From China to Michigan: Yaqin Wang’s Story

For Yaqin Wang, music goes beyond the four walls of a university; it connects her to family and provides a platform to create and experience new opportunities.

Like most of her generation, Wang was the only child in her family. Her mother was a high school English teacher and her father was an accountant.

Her father loved music, but when he was young his family didn’t have the money to give him piano lessons. When Yaqin was born he made sure she would have the chance that he did not.

At just 5-years-old, Wang was introduced to piano. She says it was difficult because she was so young.

“The period was tough because the average child wants to play outside,” she said.  “No child wants to always sit on the bench and practice piano all day.”

After graduating from high school, Wang completed her undergraduate studies in Shanghai. During that time she was trying to figure out what she wanted to do with her career. She applied to schools in Germany and learned German, but her efforts were to no avail.

“It’s a long story, but instead of going to Germany I came here to the U.S.,” she said. “But, there is another reason I am here at Central Michigan University.”

Wang had applied to many schools in Michigan; however Central Michigan was the only university to offer her full assistance.

“If I would have gone to another university it would have cost my family a lot of money,” she said. “I am lucky because everyone here is nice to me.”

Wang has had great experiences within the School of Music, but after having problems with her hand, she was unsure if she’d be able to continue.

“Recently I’ve experienced a problem with tendonitis in my finger,” she said. “It started during practice and it would begin to hurt.”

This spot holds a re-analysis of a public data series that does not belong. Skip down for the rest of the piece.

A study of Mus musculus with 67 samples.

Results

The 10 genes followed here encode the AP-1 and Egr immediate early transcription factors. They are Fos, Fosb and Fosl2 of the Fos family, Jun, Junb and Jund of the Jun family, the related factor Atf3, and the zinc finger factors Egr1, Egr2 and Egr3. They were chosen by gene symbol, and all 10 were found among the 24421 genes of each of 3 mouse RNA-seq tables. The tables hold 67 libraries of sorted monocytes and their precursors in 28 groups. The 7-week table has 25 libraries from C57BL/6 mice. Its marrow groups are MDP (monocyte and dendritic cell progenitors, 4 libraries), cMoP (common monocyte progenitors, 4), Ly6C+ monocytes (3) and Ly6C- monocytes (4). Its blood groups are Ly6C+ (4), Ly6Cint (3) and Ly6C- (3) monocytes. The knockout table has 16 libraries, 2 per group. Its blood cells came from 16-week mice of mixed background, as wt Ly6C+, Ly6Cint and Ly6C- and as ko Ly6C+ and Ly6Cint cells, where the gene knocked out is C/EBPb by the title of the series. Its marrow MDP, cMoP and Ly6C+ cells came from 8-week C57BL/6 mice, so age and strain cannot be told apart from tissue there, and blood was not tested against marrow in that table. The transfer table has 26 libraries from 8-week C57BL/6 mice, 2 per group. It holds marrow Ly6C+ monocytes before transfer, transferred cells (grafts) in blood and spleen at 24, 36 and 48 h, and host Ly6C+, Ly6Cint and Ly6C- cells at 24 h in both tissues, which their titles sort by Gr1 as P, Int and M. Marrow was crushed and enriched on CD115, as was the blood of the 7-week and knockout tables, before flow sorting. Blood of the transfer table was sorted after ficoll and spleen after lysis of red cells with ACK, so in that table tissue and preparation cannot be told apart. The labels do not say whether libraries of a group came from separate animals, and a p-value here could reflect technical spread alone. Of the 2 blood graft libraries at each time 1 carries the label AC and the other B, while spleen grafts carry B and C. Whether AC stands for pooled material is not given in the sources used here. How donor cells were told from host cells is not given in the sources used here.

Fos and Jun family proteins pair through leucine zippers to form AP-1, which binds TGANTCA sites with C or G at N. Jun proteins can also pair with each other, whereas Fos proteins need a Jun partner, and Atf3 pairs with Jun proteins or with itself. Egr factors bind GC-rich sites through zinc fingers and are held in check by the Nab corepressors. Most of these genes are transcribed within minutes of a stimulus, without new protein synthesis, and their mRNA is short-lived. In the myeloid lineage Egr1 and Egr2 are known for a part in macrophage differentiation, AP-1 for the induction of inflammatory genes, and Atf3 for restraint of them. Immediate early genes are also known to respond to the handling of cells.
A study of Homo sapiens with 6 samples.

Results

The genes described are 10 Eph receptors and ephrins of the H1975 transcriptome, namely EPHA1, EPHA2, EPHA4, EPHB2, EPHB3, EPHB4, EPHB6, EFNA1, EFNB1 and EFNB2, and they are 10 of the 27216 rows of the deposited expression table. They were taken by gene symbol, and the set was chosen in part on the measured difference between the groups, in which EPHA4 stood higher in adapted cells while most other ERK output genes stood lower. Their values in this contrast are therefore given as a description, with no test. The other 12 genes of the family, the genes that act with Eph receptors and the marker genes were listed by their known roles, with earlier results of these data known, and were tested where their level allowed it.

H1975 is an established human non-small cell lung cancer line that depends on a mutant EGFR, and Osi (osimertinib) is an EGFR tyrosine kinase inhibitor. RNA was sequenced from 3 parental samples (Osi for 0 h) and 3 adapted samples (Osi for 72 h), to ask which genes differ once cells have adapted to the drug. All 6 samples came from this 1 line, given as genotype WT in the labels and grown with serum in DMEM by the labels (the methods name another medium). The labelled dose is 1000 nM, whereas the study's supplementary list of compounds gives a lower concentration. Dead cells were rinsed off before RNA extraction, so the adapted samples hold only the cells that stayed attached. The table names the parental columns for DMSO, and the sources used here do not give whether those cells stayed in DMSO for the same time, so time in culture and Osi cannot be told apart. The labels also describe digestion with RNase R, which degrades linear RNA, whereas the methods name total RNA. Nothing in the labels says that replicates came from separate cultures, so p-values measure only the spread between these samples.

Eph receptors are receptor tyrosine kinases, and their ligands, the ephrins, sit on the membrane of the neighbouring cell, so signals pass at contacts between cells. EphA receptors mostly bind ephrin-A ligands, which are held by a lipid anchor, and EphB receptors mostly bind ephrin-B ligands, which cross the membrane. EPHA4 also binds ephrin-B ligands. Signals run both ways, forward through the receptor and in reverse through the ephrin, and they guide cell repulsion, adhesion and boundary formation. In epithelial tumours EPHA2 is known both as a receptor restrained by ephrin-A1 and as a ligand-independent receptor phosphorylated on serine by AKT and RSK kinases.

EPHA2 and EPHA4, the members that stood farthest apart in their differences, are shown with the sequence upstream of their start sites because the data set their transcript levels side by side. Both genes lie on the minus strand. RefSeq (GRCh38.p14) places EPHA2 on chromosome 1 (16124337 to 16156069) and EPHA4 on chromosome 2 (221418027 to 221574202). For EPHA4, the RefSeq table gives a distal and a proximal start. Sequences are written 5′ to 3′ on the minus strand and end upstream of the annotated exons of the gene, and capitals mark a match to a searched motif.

Wang rested for a few weeks by taking a break from her job and the piano. She was afraid she wouldn’t be able to play anymore, but after seeing her doctor and taking proper precaution, she was able to recover. Her family couldn’t be more proud of her persistence and determination. Wang says her parents are extremely supportive.

“My parents support me the most and are happy with the career I’ve chosen,” she said.

Wang says she also has support from Dr. Zhi-Hua Tang, a Central Michigan music professor who reached out to her.

“When I first arrived she picked me up from the airport and I stayed with her for a week,” Wang said. “To me, it’s not hard to fit in another country if you have someone take care of you.”

After obtaining her master’s degree, Wang plans on pursuing a doctorate’s degree. She loves living in the United States and plans on staying here.

“I don’t want to go back (to China).  I love it here and plan on moving my parents here once I get settled,” she said.

What she loves most about living here is the freedom.

“I believe I can live on my own, work and have my own car,” she said. “The air is fresh and people can get more chances at a fair opportunity, I can also have a big family.”

Through every challenge Wang has faced, she says life is too short to give up on dreams.

“Life is short. We should feel lucky that we are young and still have some time left. We need to grab time,” she said. “When I was a kid I started to have many many dreams.  We can never forget our dreams and should work hard to make them true.”